Hangzhou-based Ant Group, a 2010 offshoot of Chinese giant Ali-baba Group Holding, dominates China’s payments market via the Alipay app.
It also runs the giant Yu’ebao money market fund and two of the country’s largest consumer lending platforms. Other businesses include a credit scoring unit and an insurance marketplace.
Alipay, for one, is the world’s largest digital payment platform with 711 million active users, mostly in China, who tap it to buy everything from a quick coffee to even property.
It was created in 2004 as an escrow service for Alibaba to secure transactions on the e-commerce site and generated a whopping US$17 trillion (US$23.1 trillion) in payments in the 12 months through June.
For those who do not have ready cash, Ant operates services that dole out small unsecured loans: Huabei and Jiebei. The former focuses on quick consumer loans for purchases of iPhones and fridges, while the latter finances anything from travel to education. The platforms made loans to about 500 million people in the 12 months through June.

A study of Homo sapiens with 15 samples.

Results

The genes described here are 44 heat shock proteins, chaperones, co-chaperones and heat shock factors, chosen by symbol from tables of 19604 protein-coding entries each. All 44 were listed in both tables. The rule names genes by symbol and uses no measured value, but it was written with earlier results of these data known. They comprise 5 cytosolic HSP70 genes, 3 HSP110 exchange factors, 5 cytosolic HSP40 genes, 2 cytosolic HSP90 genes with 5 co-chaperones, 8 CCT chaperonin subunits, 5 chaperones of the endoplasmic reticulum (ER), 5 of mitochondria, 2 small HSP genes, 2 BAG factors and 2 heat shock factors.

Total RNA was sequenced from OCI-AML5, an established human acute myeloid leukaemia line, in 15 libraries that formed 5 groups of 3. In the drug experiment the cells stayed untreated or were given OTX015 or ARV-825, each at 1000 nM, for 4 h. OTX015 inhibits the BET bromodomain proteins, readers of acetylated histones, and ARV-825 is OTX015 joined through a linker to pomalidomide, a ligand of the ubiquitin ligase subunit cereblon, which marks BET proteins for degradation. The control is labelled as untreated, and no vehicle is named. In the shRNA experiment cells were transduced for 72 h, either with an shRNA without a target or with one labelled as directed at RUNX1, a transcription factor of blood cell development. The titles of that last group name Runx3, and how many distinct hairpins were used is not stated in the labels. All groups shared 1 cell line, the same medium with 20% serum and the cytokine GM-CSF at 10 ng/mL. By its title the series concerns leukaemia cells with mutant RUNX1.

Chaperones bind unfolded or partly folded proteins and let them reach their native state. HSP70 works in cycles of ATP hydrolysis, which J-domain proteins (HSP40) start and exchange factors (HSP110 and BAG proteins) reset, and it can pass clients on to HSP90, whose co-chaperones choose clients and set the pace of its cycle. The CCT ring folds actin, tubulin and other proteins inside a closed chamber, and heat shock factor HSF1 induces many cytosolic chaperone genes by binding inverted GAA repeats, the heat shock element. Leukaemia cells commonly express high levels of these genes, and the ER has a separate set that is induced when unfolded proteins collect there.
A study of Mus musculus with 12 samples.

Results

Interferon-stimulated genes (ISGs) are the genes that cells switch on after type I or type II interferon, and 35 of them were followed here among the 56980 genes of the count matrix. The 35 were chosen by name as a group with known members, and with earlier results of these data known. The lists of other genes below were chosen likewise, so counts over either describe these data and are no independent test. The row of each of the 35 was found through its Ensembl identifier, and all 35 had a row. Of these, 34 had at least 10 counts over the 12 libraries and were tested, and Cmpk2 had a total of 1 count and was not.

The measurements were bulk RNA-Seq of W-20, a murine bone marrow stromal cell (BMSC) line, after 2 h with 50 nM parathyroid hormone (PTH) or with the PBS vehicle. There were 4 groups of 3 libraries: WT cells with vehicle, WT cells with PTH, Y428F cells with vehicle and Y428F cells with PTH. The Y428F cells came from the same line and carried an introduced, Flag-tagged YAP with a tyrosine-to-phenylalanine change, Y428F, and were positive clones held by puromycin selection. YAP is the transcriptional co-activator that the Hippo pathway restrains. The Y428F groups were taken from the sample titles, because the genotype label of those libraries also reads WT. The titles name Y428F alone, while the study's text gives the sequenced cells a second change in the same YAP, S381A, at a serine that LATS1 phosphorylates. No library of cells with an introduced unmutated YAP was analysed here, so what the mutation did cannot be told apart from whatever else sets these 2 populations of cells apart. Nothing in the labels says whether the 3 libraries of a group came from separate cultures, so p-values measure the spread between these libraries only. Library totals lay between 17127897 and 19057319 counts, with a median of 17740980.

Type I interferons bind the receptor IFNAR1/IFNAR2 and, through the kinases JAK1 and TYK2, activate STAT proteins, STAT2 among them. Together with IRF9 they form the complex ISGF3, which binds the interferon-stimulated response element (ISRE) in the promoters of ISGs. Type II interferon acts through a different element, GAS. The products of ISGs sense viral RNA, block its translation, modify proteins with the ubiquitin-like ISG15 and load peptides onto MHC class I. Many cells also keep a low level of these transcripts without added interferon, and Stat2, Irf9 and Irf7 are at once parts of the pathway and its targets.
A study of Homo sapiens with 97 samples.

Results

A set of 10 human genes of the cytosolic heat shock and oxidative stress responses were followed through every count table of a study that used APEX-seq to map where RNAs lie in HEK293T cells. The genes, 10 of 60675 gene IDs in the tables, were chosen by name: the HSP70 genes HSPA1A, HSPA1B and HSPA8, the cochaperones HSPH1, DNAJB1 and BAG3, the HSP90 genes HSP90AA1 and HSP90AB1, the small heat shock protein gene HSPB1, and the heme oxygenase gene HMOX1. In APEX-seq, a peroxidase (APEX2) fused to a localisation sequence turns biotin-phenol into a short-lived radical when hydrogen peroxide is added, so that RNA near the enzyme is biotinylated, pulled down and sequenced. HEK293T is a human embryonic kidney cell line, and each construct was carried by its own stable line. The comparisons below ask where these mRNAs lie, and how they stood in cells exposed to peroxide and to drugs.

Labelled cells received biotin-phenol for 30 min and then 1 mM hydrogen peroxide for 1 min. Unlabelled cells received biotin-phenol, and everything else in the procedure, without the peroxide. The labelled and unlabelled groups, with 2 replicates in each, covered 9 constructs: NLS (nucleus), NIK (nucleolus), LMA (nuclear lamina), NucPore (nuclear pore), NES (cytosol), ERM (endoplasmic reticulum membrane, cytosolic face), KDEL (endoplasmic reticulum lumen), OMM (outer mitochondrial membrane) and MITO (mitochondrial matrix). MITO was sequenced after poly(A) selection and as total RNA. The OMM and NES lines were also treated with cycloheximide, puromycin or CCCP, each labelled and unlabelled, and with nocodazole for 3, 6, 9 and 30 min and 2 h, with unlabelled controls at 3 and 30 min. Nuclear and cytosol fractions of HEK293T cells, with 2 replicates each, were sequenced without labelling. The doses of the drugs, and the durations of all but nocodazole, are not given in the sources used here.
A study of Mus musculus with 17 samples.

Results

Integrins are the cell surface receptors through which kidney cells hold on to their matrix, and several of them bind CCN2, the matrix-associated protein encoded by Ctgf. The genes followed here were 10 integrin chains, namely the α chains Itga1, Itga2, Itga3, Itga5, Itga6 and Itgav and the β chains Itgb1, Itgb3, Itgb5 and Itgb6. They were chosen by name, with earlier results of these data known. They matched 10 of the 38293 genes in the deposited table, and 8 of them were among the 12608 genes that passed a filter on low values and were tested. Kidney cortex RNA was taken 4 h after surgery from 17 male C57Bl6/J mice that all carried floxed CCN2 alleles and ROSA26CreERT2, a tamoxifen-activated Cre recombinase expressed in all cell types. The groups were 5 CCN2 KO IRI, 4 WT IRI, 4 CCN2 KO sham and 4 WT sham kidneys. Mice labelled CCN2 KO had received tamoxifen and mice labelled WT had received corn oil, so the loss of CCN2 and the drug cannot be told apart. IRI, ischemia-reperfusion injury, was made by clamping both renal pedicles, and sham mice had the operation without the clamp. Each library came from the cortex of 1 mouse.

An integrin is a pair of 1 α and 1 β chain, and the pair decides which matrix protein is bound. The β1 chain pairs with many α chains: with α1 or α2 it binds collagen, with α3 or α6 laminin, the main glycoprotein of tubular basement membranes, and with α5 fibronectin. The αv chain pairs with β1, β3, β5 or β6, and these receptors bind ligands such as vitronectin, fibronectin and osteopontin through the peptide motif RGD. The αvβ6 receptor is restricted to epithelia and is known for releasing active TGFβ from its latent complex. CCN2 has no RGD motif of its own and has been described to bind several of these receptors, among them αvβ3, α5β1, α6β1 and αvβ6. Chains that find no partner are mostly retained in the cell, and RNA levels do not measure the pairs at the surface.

The Yu’ebao money market fund, on the other hand, is one of the largest of its kind in the world with about US$173 billion in assets.
Created in 2013, it allowed people to earn interest from cash they parked in the app, investing as little as one yuan.
Ant started a credit scoring service in 2015 called Zhima Credit. If users opt-in to the service, Ant runs checks for credit worthiness. It charges firms that tap into the service a fee and if customers score high enough, they can avoid paying deposits such as for bike rental.
Last year, Ant entered the insurance market with a healthcare product called Xianghu-bao that allows people to pay a small monthly fee that is pooled to help cover treatment costs for members stricken by diseases such as cancer, Alzheimer’s and even Ebola.